By John C. Maxwell
Many people look at all that’s wrong in the world and mistakenly believe that they cannot make a difference. The challenges loom large, and they feel small. They believe they must do big things to have a life that matters. Or they think they have to reach a certain place in life from which to do something significant.
Does that seed of doubt exist in you? Have you ever found yourself thinking or saying, “I will only be able to make a difference . . .
- “When I come up with a really big idea,
- “When I get to a certain age,
- “When I make enough money,
- “When I reach a specific milestone in my career,
- “When I’m famous,” or
- “When I retire?”
None of these things is necessary before you can start to achieve significance. You may not realize it, but those hesitations are really nothing more than excuses. The only thing you need to achieve significance is to be intentional about starting—no matter where you are, who you are, or what you have. Do you believe that? You can’t make an impact sitting still. Former NFL coach Tony Dungy once told me, “Do the ordinary things better than anyone else and you will achieve excellence.” The same is true for significance. Begin by doing ordinary things.
Chinese philosopher Lao Tzu said, “A journey of a thousand miles begins with a single step.” That’s true. In fact, so does every human being’s first journey. As children, we had to learn how to take that first step in order to walk. We don’t think anything of it now, but it was a big deal then.
Every big thing that’s ever been done started with a first step.
When Neil Armstrong took his first walk on the moon, he stated, “That’s one small step for man, one giant leap for mankind.” But the first steps of that achievement occurred decades before. We can’t get anywhere in life without taking that first small step. Sometimes the step is hard; other times it’s easy. But no matter what, you have to do it if you want to get anywhere in life.
You never know when something small that you do for others is going to expand into something big. That was true for Chris Kennedy, a golfer from Florida. In 2014, a friend nominated him to do the Ice Bucket Challenge for the charity of his choice. Kennedy passed along the challenge to his wife’s cousin Jeanette Senercia because the two liked to tease and challenge one another. Kennedy chose ALS as his charity because Jeanette’s husband suffered from the disease. Jeanette accepted the challenge, posted the video on her Facebook page, and nominated others.[i]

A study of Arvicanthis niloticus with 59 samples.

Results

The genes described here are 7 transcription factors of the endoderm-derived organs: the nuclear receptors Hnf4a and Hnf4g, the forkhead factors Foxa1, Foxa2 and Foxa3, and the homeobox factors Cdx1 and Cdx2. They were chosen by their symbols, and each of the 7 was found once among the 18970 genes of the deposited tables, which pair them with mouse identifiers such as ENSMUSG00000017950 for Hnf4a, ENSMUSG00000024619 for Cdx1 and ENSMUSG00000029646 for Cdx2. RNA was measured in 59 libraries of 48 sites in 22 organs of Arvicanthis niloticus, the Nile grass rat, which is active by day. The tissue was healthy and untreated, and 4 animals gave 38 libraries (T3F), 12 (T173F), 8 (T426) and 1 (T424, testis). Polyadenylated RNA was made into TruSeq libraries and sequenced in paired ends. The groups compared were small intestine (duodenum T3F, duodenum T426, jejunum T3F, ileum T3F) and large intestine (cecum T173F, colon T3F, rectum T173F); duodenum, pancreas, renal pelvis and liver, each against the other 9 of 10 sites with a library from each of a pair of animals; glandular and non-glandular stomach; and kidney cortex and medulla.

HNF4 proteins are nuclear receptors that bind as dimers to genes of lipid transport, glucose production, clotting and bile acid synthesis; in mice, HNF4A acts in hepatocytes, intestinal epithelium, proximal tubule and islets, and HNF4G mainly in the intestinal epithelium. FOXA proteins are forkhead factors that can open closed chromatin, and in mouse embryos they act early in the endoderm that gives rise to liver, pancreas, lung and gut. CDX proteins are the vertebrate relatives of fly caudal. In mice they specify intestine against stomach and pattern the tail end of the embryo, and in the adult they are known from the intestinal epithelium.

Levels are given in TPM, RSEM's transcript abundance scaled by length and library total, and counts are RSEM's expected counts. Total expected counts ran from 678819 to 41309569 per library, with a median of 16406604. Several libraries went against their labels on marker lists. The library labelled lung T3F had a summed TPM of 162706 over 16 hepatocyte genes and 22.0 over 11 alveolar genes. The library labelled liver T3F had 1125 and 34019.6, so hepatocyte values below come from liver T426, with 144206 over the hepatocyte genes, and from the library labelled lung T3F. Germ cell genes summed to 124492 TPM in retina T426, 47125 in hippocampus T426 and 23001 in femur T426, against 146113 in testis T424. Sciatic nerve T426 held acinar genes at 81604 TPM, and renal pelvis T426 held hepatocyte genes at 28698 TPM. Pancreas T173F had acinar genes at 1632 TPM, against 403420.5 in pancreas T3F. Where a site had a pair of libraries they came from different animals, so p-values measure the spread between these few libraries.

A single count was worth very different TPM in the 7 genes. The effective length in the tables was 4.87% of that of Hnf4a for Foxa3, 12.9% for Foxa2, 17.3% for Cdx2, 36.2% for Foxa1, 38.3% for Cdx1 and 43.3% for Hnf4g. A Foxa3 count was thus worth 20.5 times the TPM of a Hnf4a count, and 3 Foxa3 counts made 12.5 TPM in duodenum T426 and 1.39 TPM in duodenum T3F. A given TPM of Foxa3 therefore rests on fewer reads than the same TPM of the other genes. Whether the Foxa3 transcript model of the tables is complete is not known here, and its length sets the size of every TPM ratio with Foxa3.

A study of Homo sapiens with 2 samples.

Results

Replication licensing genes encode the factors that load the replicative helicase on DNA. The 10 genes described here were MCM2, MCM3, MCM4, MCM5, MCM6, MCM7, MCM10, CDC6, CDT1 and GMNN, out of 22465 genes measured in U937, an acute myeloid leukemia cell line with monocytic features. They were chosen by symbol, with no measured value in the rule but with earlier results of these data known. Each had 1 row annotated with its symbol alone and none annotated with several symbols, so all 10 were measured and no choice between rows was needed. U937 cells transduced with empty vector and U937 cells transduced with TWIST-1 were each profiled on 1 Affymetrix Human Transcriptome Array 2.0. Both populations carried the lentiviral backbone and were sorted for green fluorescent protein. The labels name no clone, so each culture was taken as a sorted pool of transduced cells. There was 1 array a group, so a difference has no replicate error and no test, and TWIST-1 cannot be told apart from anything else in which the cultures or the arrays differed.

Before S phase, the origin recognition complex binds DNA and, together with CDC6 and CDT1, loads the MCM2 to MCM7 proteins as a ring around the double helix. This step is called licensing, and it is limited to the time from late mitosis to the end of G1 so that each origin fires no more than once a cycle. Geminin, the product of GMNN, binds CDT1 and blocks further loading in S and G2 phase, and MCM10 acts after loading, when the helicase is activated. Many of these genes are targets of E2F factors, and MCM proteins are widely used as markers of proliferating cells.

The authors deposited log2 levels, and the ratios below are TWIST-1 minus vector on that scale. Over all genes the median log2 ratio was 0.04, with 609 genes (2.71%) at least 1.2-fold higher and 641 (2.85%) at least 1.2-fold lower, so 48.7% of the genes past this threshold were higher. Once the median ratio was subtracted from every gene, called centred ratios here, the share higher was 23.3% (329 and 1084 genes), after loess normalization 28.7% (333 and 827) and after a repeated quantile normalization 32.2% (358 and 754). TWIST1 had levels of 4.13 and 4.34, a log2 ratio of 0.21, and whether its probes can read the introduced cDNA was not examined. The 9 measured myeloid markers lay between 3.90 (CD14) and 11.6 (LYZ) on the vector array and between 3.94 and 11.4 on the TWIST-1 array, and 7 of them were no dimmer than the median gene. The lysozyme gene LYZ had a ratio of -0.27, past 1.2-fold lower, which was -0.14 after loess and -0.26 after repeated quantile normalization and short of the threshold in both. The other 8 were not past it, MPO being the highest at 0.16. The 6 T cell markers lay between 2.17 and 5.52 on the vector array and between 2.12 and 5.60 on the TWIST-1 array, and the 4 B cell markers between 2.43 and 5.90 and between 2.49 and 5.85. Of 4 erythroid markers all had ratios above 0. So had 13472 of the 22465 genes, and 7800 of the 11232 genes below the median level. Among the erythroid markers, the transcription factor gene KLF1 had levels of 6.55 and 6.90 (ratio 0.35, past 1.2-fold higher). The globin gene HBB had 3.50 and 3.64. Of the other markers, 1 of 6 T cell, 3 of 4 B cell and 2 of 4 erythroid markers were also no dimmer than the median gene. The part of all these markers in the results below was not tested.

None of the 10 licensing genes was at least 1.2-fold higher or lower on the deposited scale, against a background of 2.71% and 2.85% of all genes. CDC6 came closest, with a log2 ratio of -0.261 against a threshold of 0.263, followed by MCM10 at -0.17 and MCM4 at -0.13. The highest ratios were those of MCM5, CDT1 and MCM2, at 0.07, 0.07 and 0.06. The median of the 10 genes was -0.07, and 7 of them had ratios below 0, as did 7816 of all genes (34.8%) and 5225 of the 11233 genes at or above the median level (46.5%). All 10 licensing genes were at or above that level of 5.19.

That was a small start of something big. In today’s digital world we talk about things going viral. The term viral was coined because ideas and initiatives can spread quickly the way germs do. Almost anything that starts out as a single idea, a bold statement, a YouTube video, or a creative or memorable photo can gain vast popularity and quickly spread through word of mouth via the Internet.
The Ice Bucket Challenge soon went viral. If you somehow missed out on it, the idea was to either donate to the ALS Association or record a video of yourself being doused with ice water, and then challenge three other people to donate or get doused.
This turned out to be a brilliant idea to raise money for an important cause—to help fight a disease that many people otherwise might not have known about and would not have donated to see cured. I participated in the challenge. Sure, I was aware of the disease, but it wasn’t a charity I normally gave to. I was nominated by colleagues to take the challenge, and I was happy to participate.
Most people chose to give and get doused. When I accepted the challenge, I made a donation and asked three of my grandchildren to do the honors of soaking me. They used not one, but three, freezing cold buckets of water on me. Though I pleaded for compassion and warm water, the grandkids showed no mercy!
The best part is that over $113.3 million was donated between July and September of 2014 as a result of the ice bucket challenge, compared to $2.7 million dollars donated during the same period of time the previous year. On Facebook alone, over 28 million people uploaded, commented, or liked ice bucket related posts the last time I checked. The purpose of the campaign wasn’t just to raise money. It was about raising awareness. But they accomplished both with great intentionality.
What can you do now? As you think about making a difference, be willing to start small. You never know whether your passion-fueled idea will have an outcome similar to that of ALS Ice Bucket Challenge.
~ Adapted from John C. Maxwell’s new book Intentional Living
 Alexandra Sifferlin, “Here’s How the ALS Ice Bucket Challenge Actually Started,” Time, August 18, 2014, http://time.com/3136507/als-ice-bucket-challenge-started/, accessed January 29, 15.